CONCORD — Democrats Thursday blasted an alternative plan to expanding Medicaid, saying it will cost the state more money, cover fewer people and provide inadequate coverage.
Republicans responded by saying the proposal needs more work and Democrats are using the scant details of the plan to scare people instead of trying to reach compromise.
“This isn’t really a plan at all,” said Senate Minority Leader Sylvia Larsen, D-Concord. “It would cost our state almost $3 billion more, only covers one quarter of the uninsured people that Medicaid includes, would give very poor coverage to those people, and that poor coverage would cost these folks more than half of their annual income so they could never afford it anyway.”
Avik Roy of the Manhattan Institute for Policy Research, who proposed the plan, told the Medicaid expansion study commission Tuesday that for $46 million a year, the state can provide an alternative to Medicaid expansion.
The state would provide catastrophic insurance to about 23,000 adults who would be eligible under Medicaid expansion, and set up a primary physician network that would be paid $100 a month per patient for basic health care and preventative services.
The plan would require co-payments and would have a $6,000 deductible, some of which would be subsidized through health savings accounts.
Larsen said that plan “makes no sense.”
But Senate President Chuck Morse, R-Salem, who Tuesday called the plan a real opportunity for a New Hampshire solution, said Thursday the proposal was a different option to be discussed although work remains to be done.
“But no plan exists yet, and claims of unrealistically high deductibles and co-payments are nothing but scare tactics being used by an opposition party unwilling to consider any alternatives to their government run health care plan,” Morse said.
He said both Republicans and Democrats want the same thing: increasing access to health care for the state’s low-income population, but the two parties disagree on how to do that.
Republicans want to explore using private insurance to cover some of those eligible under expansion.
“I expect the bipartisan Medicaid Commission will give a private insurance alternative equal treatment in their deliberations over the coming week,” Morse said. “Those conversations will help us understand if this is an option that will work for New Hampshire patients, providers, and taxpayers.”
But Morse said he would like Democrats to tone down their rhetoric so there is an open and honest discussion of the complex issue.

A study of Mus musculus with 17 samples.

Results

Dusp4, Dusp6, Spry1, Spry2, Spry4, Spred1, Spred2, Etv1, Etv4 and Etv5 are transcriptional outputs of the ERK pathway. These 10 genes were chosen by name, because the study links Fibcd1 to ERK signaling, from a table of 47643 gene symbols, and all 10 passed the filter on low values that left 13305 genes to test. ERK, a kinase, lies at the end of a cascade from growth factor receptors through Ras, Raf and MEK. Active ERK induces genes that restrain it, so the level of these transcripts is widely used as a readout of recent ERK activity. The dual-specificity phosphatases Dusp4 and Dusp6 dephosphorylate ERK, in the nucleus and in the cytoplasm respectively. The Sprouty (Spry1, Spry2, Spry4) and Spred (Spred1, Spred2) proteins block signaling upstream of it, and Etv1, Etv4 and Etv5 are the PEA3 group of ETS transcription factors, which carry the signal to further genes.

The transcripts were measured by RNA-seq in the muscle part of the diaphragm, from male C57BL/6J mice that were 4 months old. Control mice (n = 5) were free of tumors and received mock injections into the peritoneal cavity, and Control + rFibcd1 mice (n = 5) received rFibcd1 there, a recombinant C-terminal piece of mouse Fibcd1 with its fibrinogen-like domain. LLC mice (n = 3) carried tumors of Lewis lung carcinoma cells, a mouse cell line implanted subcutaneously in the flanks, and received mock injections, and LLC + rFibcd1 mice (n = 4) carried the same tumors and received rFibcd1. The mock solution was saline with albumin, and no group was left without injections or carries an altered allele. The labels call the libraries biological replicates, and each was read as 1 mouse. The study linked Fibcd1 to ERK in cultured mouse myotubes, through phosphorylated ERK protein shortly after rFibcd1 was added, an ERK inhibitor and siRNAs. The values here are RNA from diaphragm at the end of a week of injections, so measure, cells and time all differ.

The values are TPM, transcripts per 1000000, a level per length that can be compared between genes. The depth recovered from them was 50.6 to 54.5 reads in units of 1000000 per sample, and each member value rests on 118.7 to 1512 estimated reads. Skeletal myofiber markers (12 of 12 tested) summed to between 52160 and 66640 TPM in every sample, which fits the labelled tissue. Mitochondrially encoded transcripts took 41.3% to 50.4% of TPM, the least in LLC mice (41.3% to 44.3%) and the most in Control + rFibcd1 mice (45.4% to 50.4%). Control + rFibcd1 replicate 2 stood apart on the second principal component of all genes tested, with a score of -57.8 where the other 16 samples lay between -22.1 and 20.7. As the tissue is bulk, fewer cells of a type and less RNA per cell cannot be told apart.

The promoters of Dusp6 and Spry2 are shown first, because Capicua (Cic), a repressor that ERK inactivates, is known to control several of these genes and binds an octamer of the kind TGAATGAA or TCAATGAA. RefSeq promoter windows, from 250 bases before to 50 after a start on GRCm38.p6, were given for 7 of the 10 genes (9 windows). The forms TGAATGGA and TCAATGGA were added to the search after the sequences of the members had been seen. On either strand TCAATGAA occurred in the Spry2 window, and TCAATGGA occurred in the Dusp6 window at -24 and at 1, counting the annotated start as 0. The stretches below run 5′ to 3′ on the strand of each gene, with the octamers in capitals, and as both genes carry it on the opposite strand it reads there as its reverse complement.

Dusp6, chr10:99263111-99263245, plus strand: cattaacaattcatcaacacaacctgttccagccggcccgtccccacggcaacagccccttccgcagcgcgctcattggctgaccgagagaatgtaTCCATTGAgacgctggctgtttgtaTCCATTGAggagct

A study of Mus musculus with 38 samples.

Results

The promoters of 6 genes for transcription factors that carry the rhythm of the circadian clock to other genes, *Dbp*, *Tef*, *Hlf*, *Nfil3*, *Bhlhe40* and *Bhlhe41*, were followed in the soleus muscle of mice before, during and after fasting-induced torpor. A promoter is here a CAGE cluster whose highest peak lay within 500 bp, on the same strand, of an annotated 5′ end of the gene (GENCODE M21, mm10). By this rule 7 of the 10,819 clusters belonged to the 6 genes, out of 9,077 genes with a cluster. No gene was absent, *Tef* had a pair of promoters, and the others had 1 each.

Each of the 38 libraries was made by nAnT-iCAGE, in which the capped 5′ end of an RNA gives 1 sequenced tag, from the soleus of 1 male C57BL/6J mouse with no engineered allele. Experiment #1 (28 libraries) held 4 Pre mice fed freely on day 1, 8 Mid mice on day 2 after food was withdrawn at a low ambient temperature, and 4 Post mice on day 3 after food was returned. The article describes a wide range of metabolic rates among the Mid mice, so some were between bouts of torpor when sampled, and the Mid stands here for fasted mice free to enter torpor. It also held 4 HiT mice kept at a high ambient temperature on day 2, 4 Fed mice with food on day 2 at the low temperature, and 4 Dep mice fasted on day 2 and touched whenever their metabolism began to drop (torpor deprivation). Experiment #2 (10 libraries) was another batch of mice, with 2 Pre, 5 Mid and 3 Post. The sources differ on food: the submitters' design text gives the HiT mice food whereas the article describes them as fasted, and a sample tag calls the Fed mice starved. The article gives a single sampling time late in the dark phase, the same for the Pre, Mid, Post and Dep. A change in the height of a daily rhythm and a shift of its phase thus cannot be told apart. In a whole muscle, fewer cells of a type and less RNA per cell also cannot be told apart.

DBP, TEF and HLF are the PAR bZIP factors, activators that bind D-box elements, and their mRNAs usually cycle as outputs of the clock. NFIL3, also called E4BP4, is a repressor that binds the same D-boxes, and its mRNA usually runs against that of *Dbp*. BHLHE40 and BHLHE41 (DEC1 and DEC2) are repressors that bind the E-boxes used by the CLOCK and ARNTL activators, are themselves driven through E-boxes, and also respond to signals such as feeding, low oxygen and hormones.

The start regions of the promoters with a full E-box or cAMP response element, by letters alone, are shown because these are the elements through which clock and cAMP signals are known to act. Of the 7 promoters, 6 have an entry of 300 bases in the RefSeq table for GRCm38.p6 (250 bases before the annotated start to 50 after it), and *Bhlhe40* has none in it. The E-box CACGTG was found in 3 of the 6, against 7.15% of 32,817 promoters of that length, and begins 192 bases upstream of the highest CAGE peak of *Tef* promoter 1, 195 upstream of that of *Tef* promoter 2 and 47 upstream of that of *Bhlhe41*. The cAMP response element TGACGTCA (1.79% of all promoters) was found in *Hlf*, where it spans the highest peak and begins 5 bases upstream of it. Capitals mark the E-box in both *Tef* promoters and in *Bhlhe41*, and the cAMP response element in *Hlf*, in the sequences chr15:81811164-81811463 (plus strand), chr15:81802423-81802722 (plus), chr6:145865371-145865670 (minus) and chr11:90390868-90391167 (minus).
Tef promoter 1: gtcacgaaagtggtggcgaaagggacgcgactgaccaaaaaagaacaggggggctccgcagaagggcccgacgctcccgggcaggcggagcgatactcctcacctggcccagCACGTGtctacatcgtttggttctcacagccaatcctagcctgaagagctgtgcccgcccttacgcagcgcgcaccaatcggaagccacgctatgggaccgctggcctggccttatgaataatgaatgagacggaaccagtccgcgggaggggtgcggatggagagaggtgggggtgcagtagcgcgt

Democrats said the Roy plan puts too high a burden on the state’s poor, requiring those earning $12,000 a year to spend more than half of their salary on health care before they receive basic services.
“These are working people. They are people with low incomes. These are wait staff, janitors, school bus drivers, hairstylists, teachers’ aides, grocery store clerks, construction workers, and landscapers,” said House Majority Leader Steve Shurtleff, D-Concord. “These are taxpayers. They are playing by the rules and they deserve access to high quality, comprehensive coverage that they can actually afford.”
Tess Stack Kuenning, Bi-State Primary Care Association President and CEO, said the proposal leaves a huge gap between serious catastrophic coverage and basic coverage. The proposal does not cover medications, day surgery, treatment for chronic conditions or mental health services, she said.
The coverage would be far worse than private insurance or Medicaid or Medicare, Kuenning said.
Larsen said Democrats are willing to compromise and have already, agreeing to a managed care program for Medicaid.
She said Democrats are willing to talk about expanding the existing Health Insurance Premium Program, which pays the premium for existing private employer provided coverage.
But she said the Roy proposal is not acceptable and she hopes to convince several Republicans to join the Democrats and defeat the plan if it comes to a vote.
She said the state will lose $1 million a day in federal Medicaid money after Jan. 1 if the state rejects expansion.
Larsen said she believes Morse wants to find a compromise that will work.
“We look forward to continuing to work with them to find the right approach to bringing in these federal funds, helping our state economy, growing jobs, and giving people access to affordable, high-quality coverage,” Larsen said.
The Medicaid Expansion Commission meets twice next week to begin discussions on expanding the program under the Affordable Care Act.